För den som följer utvecklingen i mellanöstern är det ganska intressant att se hur stort det saudiska mediainflyttandet är. Paul Cochrane skriver om detta nedan.
The Arab Radio and Television Network (ART) came hot on the heels of MBC, founded by Saudi mogul Saleh Abdullah Kamel in 1993, with a line up of entertainment, music and sport.
ART was followed in 1994 with the then Rome-based Orbit Communications Corporation (the Orbit pay-per view network is now based in Bahrain), a subsidiary of the Saudi Arabian Mawarid Group, which ran a BBC Arabic Television channel from 1994 until 1996 when it was abruptly pulled off air.
In the same year that Orbit pulled the plug on BBC TV Arabic (which is set to restart soon, this time funded by the British taxpayer), ART’s Kamel bought 49% of the Cayman Islands-registered satellite channel Fada’iyya Al Lubnaniyya (the Lebanese Satellite Channel, LBC International), the pan-Arab version of the Lebanese Broadcasting Corporation (LBC) TV channel.
In 2000, Kamel sold his shares to the world’s now thirteenth richest man, Saudi prince Al-Walid Bin Talal, for $100 million. Bin Talal is the Rupert Murdoch of media ownership in the Middle East, with his Kingdom Holding companies owning the region’s largest music label (Rotana Records), six music TV channels (Rotana Clip, Rotana Music, Rotana Gulf, Rotana Cinema, Rotana Tarab, Rotana Zaman), and a stake in Lebanese newspapers An Nahar and Ad Diyar in addition to his stake in LBCI (Bin Talal, incidentally, is the third largest shareholder in Murdoch’s News Corp., with 5.46% of voting shares).
Prince Khalid bin Sultan is also a shareholder in LBC and owner of pan-Arab newspaper Al Hayat. Due to his position as Assistant Minister of Defense for Military Affairs, bin Sultan’s role as a shareholder is significant as he can be considered a state actor, and consequently able to exert certain pressure over LBC to pander to the Saudi establishment.
The only other political outlet in which the Saudi government has a reportedly direct stake, other than newspapers and domestic media outlets which are subjected to draconian laws within Saudi Arabia, is MBC’s all-news satellite channel Al Arabiya. This network was established in 2003 to counter Qatar’s Al Jazeera, a channel Riyadh has disliked ever since it went on air in 1996, rankled by investigative reports on corruption in many Arab countries and the airing of Osama bin Laden video statements. Al Jazeera was seen as so controversial that at one point Saudi Arabia banned men from watching television at cafes to prevent public discussions of what was on.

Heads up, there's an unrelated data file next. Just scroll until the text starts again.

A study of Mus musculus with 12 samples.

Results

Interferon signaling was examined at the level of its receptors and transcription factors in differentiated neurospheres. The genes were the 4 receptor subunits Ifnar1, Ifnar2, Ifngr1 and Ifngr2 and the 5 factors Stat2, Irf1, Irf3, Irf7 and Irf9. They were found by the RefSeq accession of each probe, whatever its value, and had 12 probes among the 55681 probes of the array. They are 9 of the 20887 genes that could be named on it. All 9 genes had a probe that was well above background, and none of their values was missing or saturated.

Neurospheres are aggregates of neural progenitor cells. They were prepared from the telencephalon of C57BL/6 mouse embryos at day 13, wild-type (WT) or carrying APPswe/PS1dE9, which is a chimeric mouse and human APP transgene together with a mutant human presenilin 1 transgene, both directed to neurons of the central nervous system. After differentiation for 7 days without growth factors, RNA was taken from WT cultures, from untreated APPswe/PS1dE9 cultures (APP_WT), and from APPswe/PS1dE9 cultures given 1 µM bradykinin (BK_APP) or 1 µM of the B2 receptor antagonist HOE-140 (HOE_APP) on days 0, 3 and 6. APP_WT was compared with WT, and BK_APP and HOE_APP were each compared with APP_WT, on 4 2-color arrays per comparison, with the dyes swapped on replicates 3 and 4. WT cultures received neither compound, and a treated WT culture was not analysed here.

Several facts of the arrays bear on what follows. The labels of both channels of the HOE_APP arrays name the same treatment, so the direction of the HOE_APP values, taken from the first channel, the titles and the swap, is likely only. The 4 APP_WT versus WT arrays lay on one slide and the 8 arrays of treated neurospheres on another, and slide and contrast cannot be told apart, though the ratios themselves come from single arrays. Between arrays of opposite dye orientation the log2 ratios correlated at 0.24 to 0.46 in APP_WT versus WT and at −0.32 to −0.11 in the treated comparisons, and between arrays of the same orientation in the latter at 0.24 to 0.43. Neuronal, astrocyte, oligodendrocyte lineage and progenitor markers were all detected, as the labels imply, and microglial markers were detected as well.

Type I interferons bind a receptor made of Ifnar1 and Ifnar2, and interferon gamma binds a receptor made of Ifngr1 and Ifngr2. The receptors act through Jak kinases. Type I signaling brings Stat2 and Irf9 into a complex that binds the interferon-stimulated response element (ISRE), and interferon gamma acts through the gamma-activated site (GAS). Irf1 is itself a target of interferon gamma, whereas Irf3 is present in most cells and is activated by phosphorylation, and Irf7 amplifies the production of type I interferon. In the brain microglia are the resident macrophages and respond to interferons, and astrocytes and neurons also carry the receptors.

Although Saudi influence over the region’s newspaper business (particularly pan-Arab publications) still remains high, the significance of muzzling print press is not as great as it used to be. Like everywhere else on earth, the Middle East is tuning into TV news rather than picking up a paper.
“Newspapers are only important in so far as what intellectuals, journalists and politicians are reading. If you go to Arab countries and ask about a [newspaper] columnist, they won’t know who they are, but will know TV anchors,” said AbuKhalil.
The Big Issue
Saudi Arabia’s takeover of the region’s media is a reflection of what is occurring globally where a handful of multinational companies increasingly dominate the media. This spills over from entertainment into news coverage.
To Saudi Arabia such control is paramount in an era when the media is increasingly pervasive, because Riyadh’s political and economic clout – and the survival of the Royal family – depends on the kingdom retaining its position as a leading player in the region’s power politics. To retain this balance of power – held in the region by the United States, Israel and Saudi Arabia against an ascendant Iran and non-governmental actors – informative and potentially damning news on the kingdom needs to be squashed.
Saudi Arabia’s approach to media under its control, and the harsh punishments on those that do not portray a rose-tinted view of the royal family and the kingdom, is mirrored in the Gulf Cooperation Council (GCC) countries, which have similarly draconian media laws to retain monarchical power bases. Qatar can be considered somewhat of an exception with Al Jazeera, but when it comes to the channel applying the same exposure to governmental malfeasance and social issues in Doha as it does elsewhere in the region, Al Jazeera comes up short.